Double twisted wire bit...help!
My new horse was ridden in a double twisted wire short shank bit and it is what he is used to. He is a Tennessee Walker. I know this is considered a harsh bit...and I do not want to use it.
What is a good alternative to try for a gaited horse? Any suggestions?
I am not super familiar with tons of bits...especially ones for gaited horses.
I don't know of a difference in bits for different breeds such as being gaited. It really depends on the horse, as to what size mouthpiece.
How well trained is the horse? How responsive is the horse or how soft is he? Is he hard mouthed or does he give easily to pressure? Being that he's used to a twisted bit, he might be hard mouthed but that can be corrected.
You could try using a simple snaffle to start. He may not be very responsive to it though. You could try a combo bit that is similar to what he has used but not twisted. That might be a better choice. I would not use one that has a thick mouthpiece. Get one that is about 3/8 inch thick or less.
If not, I'd go with either a plain (single or double jointed) (loose ring, D-ring, or eggbutt) snaffle OR a mild low port curb (I've never ridden in a curb, but I've seen others post pictures of very nice looking ones on this forum), depending on if you want to direct rein or neck rein.
Unfortunately, after having been ridden in that, it will likely take a pretty substantial amount of re-training if you wish to ride the horse in a snaffle. Even transitioning back down to a smooth curb will take some time and work. That's one reason why I thoroughly dislike bits like that. Because of the general mentality of people who use them (not you, OP, but the people who trained this horse before you got him), they are not soft with their hands anyway so harsh hands combined with a harsh bit is just a bad deal for the horse all the way around.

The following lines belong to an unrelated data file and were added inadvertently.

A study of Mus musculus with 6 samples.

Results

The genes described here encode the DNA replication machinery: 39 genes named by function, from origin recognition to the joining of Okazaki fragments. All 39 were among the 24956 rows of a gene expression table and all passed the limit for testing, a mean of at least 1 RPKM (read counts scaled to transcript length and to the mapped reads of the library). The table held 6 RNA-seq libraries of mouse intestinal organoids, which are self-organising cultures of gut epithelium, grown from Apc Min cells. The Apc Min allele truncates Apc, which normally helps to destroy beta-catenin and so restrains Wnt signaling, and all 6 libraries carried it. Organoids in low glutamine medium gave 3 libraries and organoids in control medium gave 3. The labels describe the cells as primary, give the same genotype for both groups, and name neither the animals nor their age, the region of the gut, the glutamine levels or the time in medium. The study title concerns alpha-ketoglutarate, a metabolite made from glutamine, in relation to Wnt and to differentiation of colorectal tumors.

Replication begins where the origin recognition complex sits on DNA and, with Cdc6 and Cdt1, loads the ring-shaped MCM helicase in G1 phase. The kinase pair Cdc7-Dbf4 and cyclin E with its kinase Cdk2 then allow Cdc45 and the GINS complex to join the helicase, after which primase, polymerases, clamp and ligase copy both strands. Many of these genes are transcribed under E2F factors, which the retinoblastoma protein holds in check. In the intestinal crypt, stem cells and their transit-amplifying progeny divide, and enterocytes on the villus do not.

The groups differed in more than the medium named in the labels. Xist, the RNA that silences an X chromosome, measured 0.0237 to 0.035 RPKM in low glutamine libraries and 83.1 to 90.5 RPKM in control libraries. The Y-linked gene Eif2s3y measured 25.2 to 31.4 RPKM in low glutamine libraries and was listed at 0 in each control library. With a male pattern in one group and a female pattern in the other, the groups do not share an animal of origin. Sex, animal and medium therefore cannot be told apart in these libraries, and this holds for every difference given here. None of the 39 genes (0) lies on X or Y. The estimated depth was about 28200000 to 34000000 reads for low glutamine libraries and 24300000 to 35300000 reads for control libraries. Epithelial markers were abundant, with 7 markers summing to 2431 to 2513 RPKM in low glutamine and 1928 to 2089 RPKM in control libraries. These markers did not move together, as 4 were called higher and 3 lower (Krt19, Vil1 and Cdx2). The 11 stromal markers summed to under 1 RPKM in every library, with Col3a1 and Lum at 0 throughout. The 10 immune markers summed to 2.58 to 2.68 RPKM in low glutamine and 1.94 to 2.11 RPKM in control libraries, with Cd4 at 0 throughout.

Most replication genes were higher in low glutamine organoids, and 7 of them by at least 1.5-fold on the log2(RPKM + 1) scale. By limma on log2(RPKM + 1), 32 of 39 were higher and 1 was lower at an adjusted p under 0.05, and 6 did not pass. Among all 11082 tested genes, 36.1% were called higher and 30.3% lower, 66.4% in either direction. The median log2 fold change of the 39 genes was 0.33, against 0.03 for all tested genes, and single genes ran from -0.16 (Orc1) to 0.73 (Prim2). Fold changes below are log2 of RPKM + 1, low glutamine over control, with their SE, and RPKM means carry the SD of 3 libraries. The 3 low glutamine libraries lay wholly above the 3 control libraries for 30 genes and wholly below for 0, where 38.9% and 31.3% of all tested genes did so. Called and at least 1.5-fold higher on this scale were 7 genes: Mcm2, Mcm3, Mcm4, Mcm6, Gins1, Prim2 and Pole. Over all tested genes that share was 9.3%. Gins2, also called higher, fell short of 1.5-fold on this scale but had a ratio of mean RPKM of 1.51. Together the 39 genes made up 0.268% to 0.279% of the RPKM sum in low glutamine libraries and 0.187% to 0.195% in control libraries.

Since he is used to curb pressure, I would suggest a bit similar to any of these...
I've not tried either of these 2, but I really like the looks of them
This one has a bit of a flashier look with the decorated shanks
And I've got either a bit exactly like these or very similar and I've not found a horse that didn't like them and didn't go well in them.
The first few times you ride him in the new bit, you'll sure want to do it in an enclosed area like an arena or a roundpen. That way, he can't get completely away from you if something does happen.